I am a product of a bi-racial household. No, I’m not black (as you could probably tell) but when I was 5 years old my mother met the soul mate of her life and had two siblings. One a baby brother and the youngest, my baby sister. He just so happened to be African-American or as normal people say: black. From the age of 5 I grew up with Stevie Wonder, Marvin Gaye and Earth Wind and Fire records playing on the weekends. I also know what the smell of chitlins smells like and love the taste of mustard greens and pork neck bones.
This doesn’t make me black, nor does it qualify me to understand the least bit of what it means to be a minority in America today. However, I did get used to the stares in public and being treated differently when we went out for a meal or to the store.
As a teenager, I also had my unfortunate experience with police harassment, as I was the minority white guy within my group of friends at the time.
The episode in Furgeson and the race wars in my generation is nothing new. This has been going on as far as I can remember. Whether it was the beating of Rodney King, the shooting of Amadou Diallo or OJ Simpson, I think we can all agree that at least some forms of racism and discrimination exist today. I would like to replace the word “racism” with “fear.” For fear, I believe, is at the heart of all racism. Fear of things, cultures and people we simply don’t understand or know about. My experience as a white person raised in black culture removed much of the fear associated with black stereotypes. Because I was engrained in their community, I understood that black people are human beings, just like anyone else. I became familiar with the experience of a black person, yet without the actual color on my skin. People with less exposure to black culture may lack appreciation for or even outright demonize minorities without any clue or understanding. Mind you, there ARE differences and color does matter. But at the end of the day, I found that just because a black man has some size, wears a gold chain and braids, does not mean he is a thug, gangster or violent.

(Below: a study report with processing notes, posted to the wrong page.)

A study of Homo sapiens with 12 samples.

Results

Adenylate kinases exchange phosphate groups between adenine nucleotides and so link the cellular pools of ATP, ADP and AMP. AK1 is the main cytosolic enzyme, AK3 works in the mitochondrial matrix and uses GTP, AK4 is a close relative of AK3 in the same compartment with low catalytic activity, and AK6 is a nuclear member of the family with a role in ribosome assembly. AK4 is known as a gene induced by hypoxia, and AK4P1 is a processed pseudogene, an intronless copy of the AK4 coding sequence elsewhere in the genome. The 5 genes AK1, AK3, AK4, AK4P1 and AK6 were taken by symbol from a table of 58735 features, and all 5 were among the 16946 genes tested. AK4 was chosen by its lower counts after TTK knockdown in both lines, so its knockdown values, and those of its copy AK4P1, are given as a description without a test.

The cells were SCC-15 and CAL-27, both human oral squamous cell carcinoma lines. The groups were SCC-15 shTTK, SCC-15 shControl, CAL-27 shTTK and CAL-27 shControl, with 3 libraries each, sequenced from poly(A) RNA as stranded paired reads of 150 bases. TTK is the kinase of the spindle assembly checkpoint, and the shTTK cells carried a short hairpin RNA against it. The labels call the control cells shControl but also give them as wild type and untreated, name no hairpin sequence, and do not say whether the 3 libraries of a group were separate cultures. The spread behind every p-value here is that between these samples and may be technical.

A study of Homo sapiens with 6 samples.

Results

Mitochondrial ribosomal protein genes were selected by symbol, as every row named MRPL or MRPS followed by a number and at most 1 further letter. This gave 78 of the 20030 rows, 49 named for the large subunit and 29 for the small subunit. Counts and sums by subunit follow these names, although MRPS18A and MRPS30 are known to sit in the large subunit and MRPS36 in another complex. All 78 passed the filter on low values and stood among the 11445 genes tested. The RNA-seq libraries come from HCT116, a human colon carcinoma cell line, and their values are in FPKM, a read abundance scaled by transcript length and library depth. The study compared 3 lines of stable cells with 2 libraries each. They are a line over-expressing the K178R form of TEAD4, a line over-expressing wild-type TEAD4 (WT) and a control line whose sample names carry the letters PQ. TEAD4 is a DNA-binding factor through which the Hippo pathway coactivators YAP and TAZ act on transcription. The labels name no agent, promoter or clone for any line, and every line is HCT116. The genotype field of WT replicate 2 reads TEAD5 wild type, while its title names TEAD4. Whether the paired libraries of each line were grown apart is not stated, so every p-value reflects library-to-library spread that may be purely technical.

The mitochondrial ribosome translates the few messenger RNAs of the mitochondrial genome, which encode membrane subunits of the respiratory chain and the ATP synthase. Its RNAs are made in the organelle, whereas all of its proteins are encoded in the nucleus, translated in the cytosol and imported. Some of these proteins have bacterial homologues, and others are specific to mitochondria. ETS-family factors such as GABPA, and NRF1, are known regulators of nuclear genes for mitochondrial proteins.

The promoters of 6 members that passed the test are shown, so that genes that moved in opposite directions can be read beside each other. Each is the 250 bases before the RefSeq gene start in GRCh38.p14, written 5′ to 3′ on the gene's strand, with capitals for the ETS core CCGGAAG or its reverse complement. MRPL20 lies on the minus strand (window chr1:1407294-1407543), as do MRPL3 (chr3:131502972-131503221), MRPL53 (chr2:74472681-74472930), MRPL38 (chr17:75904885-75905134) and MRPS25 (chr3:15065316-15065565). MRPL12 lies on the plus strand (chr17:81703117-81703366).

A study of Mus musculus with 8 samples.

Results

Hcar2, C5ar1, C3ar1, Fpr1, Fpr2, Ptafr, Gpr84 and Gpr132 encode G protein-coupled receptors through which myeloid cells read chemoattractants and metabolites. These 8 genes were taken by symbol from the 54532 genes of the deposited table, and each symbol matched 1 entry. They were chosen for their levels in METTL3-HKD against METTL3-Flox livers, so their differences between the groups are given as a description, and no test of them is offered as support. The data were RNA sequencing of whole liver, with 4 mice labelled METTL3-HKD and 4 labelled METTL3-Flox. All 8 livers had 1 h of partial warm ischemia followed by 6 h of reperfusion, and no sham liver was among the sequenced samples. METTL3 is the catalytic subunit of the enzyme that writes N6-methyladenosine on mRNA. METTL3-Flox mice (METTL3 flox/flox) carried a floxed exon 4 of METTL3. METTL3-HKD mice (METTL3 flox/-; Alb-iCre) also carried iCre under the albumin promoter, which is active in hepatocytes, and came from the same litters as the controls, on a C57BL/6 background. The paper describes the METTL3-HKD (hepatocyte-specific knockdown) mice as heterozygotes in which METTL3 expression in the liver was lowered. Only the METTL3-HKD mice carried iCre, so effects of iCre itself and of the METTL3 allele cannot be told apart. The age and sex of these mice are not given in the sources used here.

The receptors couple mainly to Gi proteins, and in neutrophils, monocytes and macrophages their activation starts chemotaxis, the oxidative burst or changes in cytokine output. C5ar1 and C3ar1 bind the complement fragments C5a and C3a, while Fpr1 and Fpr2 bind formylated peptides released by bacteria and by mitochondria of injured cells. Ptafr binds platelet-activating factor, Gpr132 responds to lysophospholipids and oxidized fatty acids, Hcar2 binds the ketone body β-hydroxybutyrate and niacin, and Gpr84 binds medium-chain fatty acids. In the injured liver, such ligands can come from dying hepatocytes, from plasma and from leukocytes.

So since this is the latest of an ongoing conversation and experience, lets see what we can learn from this:
1. White people should stop minimizing the reality of racial discrimination.
Yes, we are in a different millennium, but fear is never locked into any specific place and time in history. There has been much progress in racial reconciliation today, yet we still have work to do to see that reconciliation and real understanding and love become second nature between people of different ethnicities.
2. Black people must understand the complexities that exist in their communities and rise to the occasion to help be “repairers of brokeness”.
Fatherlessness, not only in the black family, but in America at large is an epidemic. The breakdown of the family where some young black males are being raised by the streets or lacking true mentoring and fathering must be acknowledged and rectified. Black men must first become responsible themselves and then take up the responsibility of mentoring and guiding those without fathers in their home to break this cycle. I know for myself, being fatherless, it was the input and guidance of Godly men in the church that helped to form me to be the person I am today.
3. We must react to injustice in a way that will actually bring about real change.
I am not making a statement on the Michael Brown case one way or another here. I simply mean to say that when we DO feel that justice has not been served or there has been a breakdown in a flawed social system, we must stop being talkers and become doers. We have to get involved:
What has your experience been with racism, injustice or even reverse discrimination? I would appreciate your respectful and thoughtful comments here. Hateful or misguided comments will be deleted and moderated for better discussion.